Thursday, December 4, 2008
“My name is Benjamin Keynes. I work for the Directorate of Operations within the Central Intelligence Agency.
“Three days after 9/11, reconnaissance satellites picked up a radioactive heat signature in a remote tribal region of Afghanistan.
“The Agency feared that Al-Qaeda may have finally gotten their hands on a nuclear weapon. However, I was told by a local source with a high degree of confidence that it may be something much more powerful.”
After the disappointment that was Solstice (review in Archive), I put a lot of stock on The Objective as a film that would turn me around on Daniel Myrick.
I’m glad to report that it does.
We open in Ghazni Province, the date, November 2001.
Benjamin Keynes (The Killing of John Lennon’s Jonas Ball) has been tasked by the CIA to lead Special Forces Team 392 on a mission deep into Afghanistan to find one Mohammed Aban, a cleric considered by the locals to be the “spiritual force that helped the Mujahadeen defeat the Soviets.”
All else is on a need-to-know basis, and it’s this veil of military secrecy that fuels the mystery of The Objective.
Co-writing the script with Mark A. Patton and Wesley Clark, Jr., Myrick successfully captures the feeling of a squad of soldiers in enemy territory, off on a trek whose exact nature is kept from them by the Powers That Be (of which Keynes is the on-the-ground representative).
Assisted by DP Stephanie Martin, Myrick conjures the harsh beauty of the inhospitable terrain of this foreign country, effectively utilizing Morocco as locale stand-in, while Kays Al-Atrakchi’s music drapes the film’s soundscape with a disturbing score that heightens the scenario’s unsettling strangeness.
It’s these elements more than anything else—elements certainly more potent than your average Hollywood thriller’s over-dependence on CGI and epileptic editing—that make The Objective such a noteworthy triumph.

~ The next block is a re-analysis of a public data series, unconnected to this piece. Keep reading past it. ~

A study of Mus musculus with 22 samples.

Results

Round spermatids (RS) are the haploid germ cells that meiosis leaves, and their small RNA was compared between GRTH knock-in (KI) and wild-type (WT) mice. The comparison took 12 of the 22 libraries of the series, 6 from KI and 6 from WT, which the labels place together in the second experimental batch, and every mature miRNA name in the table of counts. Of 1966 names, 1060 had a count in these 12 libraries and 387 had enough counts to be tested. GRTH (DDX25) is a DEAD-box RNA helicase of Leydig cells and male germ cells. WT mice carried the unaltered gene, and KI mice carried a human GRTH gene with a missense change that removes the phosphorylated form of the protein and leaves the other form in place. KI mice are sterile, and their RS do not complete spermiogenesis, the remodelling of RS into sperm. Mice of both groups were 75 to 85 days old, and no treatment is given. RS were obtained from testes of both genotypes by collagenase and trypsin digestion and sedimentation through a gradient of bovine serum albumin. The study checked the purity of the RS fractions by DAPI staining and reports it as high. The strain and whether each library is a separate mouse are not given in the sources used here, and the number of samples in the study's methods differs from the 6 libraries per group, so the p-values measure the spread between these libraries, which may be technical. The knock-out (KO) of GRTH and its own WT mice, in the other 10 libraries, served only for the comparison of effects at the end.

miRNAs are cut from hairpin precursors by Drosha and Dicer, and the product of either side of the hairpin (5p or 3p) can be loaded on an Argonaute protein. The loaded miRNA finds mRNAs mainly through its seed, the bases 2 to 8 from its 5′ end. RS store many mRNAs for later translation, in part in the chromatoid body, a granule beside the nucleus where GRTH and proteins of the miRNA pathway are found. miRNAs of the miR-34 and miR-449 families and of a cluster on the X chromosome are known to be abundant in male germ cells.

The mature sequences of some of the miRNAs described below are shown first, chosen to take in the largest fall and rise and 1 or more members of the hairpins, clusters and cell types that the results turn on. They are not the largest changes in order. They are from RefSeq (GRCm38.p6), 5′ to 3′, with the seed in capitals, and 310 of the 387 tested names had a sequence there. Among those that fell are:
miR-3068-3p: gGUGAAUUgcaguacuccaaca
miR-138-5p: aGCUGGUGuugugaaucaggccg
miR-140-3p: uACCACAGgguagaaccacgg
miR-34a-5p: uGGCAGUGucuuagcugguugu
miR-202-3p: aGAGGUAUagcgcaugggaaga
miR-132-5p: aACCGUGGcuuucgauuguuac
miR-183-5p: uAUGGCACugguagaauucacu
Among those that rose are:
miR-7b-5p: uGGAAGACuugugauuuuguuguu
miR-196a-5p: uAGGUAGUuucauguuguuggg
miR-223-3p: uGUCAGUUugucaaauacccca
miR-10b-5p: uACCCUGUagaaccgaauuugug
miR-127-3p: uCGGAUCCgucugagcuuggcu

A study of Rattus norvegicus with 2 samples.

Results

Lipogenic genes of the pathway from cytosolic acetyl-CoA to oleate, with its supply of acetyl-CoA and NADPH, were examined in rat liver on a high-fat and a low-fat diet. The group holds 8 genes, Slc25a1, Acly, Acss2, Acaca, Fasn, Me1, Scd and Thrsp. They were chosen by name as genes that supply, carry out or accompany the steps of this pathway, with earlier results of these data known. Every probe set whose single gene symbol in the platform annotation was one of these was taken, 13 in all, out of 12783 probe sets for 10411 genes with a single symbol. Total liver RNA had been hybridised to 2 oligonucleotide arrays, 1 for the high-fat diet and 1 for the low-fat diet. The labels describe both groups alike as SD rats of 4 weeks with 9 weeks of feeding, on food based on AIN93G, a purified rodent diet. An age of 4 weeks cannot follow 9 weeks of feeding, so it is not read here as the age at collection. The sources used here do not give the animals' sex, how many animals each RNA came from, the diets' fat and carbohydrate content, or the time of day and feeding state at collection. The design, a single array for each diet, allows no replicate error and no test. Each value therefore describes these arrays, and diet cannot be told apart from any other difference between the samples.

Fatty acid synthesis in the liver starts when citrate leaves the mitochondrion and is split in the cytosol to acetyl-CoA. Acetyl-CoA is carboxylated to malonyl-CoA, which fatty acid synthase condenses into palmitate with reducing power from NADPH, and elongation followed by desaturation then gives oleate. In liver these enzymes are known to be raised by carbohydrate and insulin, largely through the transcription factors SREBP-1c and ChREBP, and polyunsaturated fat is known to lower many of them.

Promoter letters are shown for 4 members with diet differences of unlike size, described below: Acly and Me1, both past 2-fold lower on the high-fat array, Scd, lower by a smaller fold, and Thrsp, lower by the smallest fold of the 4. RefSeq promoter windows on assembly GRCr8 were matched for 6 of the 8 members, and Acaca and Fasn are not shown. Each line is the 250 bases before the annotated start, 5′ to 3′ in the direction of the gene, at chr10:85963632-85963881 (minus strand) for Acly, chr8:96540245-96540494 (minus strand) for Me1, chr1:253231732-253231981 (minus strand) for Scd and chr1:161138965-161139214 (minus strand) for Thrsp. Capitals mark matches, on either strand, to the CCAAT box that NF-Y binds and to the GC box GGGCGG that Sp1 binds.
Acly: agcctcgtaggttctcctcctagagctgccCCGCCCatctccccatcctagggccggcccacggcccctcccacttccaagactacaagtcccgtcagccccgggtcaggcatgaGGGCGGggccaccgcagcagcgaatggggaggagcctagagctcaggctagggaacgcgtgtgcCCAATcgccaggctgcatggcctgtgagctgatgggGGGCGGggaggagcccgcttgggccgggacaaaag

There’s also a good cast here, made up of unfamiliar faces, who deliver largely natural, straight-forward performances, which is, in the end, the key to keeping the audience involved while the weird sh!t gradually asserts itself over the film’s goings-on.
Do they reek the Hollywood hardcase Special Forces air we’ve come to expect from the movies and television? Perhaps not, but they do come across as real people, and that’s a big plus for a film like this.
Beyond that, I really shouldn’t say much more, other than that The Objective is ultimately about a government’s hunger for power, and how all else falls by the wayside in light of that all-encompassing yearning for the upper hand.
And while this isn’t the sort of film where everything’s neatly underlined and explained—the atmosphere and tantalizing bits are the tools for the audience to piece together the big picture—this is a solid cinematic experience which plays much better than The Blair Witch Project (which Myrick co-directed with Eduardo Sánchez), and is decidedly light years better than Solstice.
Now, I’m most definitely looking forward to Myrick’s next film.
Parting shot: Aside from containing a review of Solstice, the Archive also houses a review of Eduardo Sánchez’s Altered.
(The Objective OS courtesy of shocktillyoudrop.com and images courtesy of availableimages.com.)